Home / General / Erik Visits an American Grave, Part 35

Erik Visits an American Grave, Part 35


This is the grave of Archibald MacLeish.

2016-02-12 13.36.25

Born in Illinois, MacLeish grew up rich, went to Harvard, served in World War I, and went to law school. But his career took a sharp left turn in the 1920s, when he decided to commit himself to a literary life and became part of the American expatriate community in Paris. He moved significantly to the left, even as he was writing for Fortune, and became an important part of the Popular Front in the 1930s, although one willing to criticize communist actions as well. He committed himself to fusing populism and nationalism, turning his back on his expatriate years for a new commitment to American ideals in a leftist light. FDR spent actual political capital naming MacLeish the Librarian of Congress because the poet was known for his communist sympathies and received significant Republican opposition. He became assistant director of the Office of War Information during World War II. After the war, he became a target for anticommunists, but this did not much affect his career. He taught at Harvard from 1949 until he retired in 1962. He died in 1982.

If you want a good chuckle, you can read MacLeish’s Conservapedia entry. HE WORKED FOR THE SAME LAW FIRM AS ALGER HISS!!!!

Also, just to point out how hard I work to please you people and the sheer physicality of blogging, note that I had to drive up a rural country dirt road into the mountains to find this. Then the cemetery was covered in 6-10 inches of snow. I had to do some investigation to figure out what part of the cemetery this was in and then went and started moving snow off of likely areas. The whole thing really reinforced my masculinity.

Archibald MacLeish is buried in Pine Grove Cemetery, Conway, Massachusetts.


    Is any of his poetry any good? (Lee?)

    There’s an odd episode in Dylan’s Chronicles where they start some work on a theater piece together, but apparently nothing came of that.

    • The Temporary Name

      Is any of his poetry any good?


      • Vance Maverick

        Can you be any more specific? “Ars Poetica” ends with a classic sentence, I’ll give you that.

        • slothrop1
          • Vance Maverick


        • It’s kind of self-refuting, however, since the poem itself is fairly didactic.

          Other good ones include The End of the World, You Andrew Marvell, Mother Gooses Garland — they’re easy to find.

    • Yes. A lot of it is very good. He served in WWI alongside my grandfather, BTW, who was an English professor and who introduced me to MacLeish when I was very young. I post MacLeish’s “Memorial Rain” every memorial day on one of my own blogs. He was one of the leading American poets of his time, also wrote a Broadway play in verse based on the Book of Job which was a great success.

      Cheops, to sail eternity, built him a boat,
      A real one, seaworthy, solid cedar,
      With a heavy weather prow to breast the foamy surge of heaven
      And throw the fiery stars about . . .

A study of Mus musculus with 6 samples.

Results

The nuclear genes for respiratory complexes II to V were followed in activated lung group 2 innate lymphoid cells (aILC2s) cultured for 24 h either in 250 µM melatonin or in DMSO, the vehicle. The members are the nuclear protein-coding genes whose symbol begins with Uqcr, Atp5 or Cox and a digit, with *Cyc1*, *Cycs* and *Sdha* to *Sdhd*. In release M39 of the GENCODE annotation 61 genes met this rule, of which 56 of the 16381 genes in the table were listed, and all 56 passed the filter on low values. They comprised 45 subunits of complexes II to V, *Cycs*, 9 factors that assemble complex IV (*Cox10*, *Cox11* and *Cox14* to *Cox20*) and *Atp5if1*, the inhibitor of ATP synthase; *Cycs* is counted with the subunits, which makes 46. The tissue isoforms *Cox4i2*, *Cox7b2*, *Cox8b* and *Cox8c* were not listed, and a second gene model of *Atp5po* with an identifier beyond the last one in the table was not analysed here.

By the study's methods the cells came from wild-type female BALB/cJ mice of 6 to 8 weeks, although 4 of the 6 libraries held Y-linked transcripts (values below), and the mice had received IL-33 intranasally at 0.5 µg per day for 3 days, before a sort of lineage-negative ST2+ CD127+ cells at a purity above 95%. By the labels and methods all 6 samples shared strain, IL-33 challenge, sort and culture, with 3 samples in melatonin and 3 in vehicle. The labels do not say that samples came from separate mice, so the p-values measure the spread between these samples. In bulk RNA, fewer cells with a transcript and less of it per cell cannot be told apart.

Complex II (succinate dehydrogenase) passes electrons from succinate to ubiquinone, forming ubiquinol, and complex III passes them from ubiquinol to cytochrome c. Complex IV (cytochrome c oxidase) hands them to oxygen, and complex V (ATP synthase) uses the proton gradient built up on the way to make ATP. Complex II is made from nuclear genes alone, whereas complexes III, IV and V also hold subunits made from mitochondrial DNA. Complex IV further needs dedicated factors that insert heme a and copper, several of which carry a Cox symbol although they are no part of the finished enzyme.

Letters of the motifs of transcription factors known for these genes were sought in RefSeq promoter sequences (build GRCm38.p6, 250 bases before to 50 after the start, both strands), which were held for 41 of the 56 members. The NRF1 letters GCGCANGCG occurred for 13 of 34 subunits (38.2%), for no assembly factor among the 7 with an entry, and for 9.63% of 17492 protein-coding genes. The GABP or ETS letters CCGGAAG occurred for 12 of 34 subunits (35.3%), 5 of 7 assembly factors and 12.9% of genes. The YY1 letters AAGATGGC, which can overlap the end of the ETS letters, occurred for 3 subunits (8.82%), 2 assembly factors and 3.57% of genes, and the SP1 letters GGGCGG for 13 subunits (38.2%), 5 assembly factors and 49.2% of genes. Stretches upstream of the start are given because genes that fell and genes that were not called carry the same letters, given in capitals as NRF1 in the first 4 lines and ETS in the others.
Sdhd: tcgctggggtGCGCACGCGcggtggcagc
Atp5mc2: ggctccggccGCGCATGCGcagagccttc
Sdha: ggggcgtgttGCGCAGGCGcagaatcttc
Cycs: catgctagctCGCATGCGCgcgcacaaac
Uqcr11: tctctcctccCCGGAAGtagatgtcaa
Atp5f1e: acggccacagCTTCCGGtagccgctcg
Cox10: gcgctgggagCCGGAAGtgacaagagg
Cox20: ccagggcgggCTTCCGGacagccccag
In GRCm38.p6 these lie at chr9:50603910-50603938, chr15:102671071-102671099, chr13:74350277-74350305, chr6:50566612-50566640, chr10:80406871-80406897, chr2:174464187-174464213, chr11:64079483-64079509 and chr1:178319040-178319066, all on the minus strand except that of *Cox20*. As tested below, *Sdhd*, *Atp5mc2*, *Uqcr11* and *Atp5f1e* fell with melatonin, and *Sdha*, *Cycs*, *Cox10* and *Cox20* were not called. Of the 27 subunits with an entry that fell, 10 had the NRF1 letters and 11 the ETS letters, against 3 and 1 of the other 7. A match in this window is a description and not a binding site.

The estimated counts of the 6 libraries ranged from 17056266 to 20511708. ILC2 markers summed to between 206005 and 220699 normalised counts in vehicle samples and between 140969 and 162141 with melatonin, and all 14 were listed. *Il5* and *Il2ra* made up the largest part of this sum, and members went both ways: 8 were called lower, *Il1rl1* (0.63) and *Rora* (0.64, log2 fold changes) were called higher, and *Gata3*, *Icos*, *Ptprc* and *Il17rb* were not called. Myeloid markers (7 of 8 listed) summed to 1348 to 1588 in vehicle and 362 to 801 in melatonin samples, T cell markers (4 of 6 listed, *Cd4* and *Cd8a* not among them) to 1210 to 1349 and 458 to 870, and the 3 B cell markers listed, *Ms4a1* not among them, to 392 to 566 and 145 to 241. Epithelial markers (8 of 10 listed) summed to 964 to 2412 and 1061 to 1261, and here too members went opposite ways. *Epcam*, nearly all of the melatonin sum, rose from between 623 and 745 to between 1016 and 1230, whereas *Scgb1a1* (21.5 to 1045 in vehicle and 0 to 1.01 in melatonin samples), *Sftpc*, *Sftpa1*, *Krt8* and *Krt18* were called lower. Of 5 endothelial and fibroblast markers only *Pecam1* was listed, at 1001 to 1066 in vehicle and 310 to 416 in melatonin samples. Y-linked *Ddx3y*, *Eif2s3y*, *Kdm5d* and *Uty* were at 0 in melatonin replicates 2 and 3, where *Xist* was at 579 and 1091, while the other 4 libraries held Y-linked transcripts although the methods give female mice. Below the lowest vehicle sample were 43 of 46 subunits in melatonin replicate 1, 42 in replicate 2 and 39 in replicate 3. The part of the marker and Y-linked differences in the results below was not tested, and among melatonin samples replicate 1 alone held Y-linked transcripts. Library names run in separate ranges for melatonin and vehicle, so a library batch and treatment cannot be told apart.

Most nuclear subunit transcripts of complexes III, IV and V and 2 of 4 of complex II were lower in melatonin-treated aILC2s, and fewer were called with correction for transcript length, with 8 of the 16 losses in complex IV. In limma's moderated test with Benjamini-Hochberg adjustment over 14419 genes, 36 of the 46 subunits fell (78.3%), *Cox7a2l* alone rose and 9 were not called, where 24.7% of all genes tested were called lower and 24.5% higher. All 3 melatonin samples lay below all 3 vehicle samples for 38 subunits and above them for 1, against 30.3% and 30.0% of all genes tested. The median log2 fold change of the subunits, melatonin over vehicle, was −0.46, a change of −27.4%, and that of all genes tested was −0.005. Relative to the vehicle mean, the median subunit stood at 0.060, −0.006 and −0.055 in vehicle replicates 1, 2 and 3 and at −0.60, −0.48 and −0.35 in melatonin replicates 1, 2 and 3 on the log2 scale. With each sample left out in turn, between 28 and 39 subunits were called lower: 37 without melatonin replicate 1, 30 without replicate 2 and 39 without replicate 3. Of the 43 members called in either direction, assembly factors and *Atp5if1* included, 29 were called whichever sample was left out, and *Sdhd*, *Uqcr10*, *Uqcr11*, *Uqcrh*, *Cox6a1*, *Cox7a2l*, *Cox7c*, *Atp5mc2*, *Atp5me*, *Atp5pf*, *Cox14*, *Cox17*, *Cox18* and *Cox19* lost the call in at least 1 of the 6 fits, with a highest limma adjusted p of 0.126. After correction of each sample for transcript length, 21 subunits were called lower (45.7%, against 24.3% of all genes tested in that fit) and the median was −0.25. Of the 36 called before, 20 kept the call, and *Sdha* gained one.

• Vance Maverick

        Thanks, this is helpful. I certainly knew he was successful in his day, but it’s useful to have specific recommendations.

  • Warren Terra

    Blogging as a physical fitness regime!

  • rm

    That’s a lot of snow for June. Imagine how hard it would be to visit in winter.

  • PotemkinMetropolitanRegion

    I (infrequently) go to Conservapedia for a laugh.

    At this elite high school with 1,200 students he was just 1 of 3 black students, and couldn’t make the starting lineup of the state champion basketball team his senior year.

    ~Entry on Barack Obama


    • Warren Terra

      I’m still upset that bunch of modernist vandals refused to respect tradition and so didn’t name their site Conservapaedia.

      • BiloSagdiyev

        That’s all furrin and pompous. The internet is full of furriners and libruhls! That’s why they needed the Conservapedia — because the entire world is doin’ it wrong!

        Also, remember, for all of their blovation like Sam the American Eagle about Western Culture and our Greco-Roman cultural heritage, they don’t actually want Greeks or Italians in their neighbhorhood.

        • postmodulator

          Don’t tell my dad. He thinks they think we’re white.

  • LFC

    Wasn’t sure or at least was beginning to wonder whether Erik’s visits were actual physical visits, but the post answered that.

    I have a vague recollection of reading MacLeish’s play JB in school, but don’t remember the play much. The last line in Ars Poetica is famous and that plus maybe one or two other lines from that poem is all I cd recite of his work w/o looking it up. (Which I suppose is more than I cd say for a lot of poets.)

  • dp

    That rarest of creatures, a Loomis grave visit of someone who wasn’t a worthless human being!

  • so-in-so

    I recall hearing him as a commentator on (I think) PBS. Had no idea who he was at the time, but I must have paid some attention for that nugget to rise to surface at the mention of his name.

  • AB

    You would think Conservapedia would award MacLeish points for his support of Ezra Pound, who (qua Fascist) was a conservative, by current American standards at least.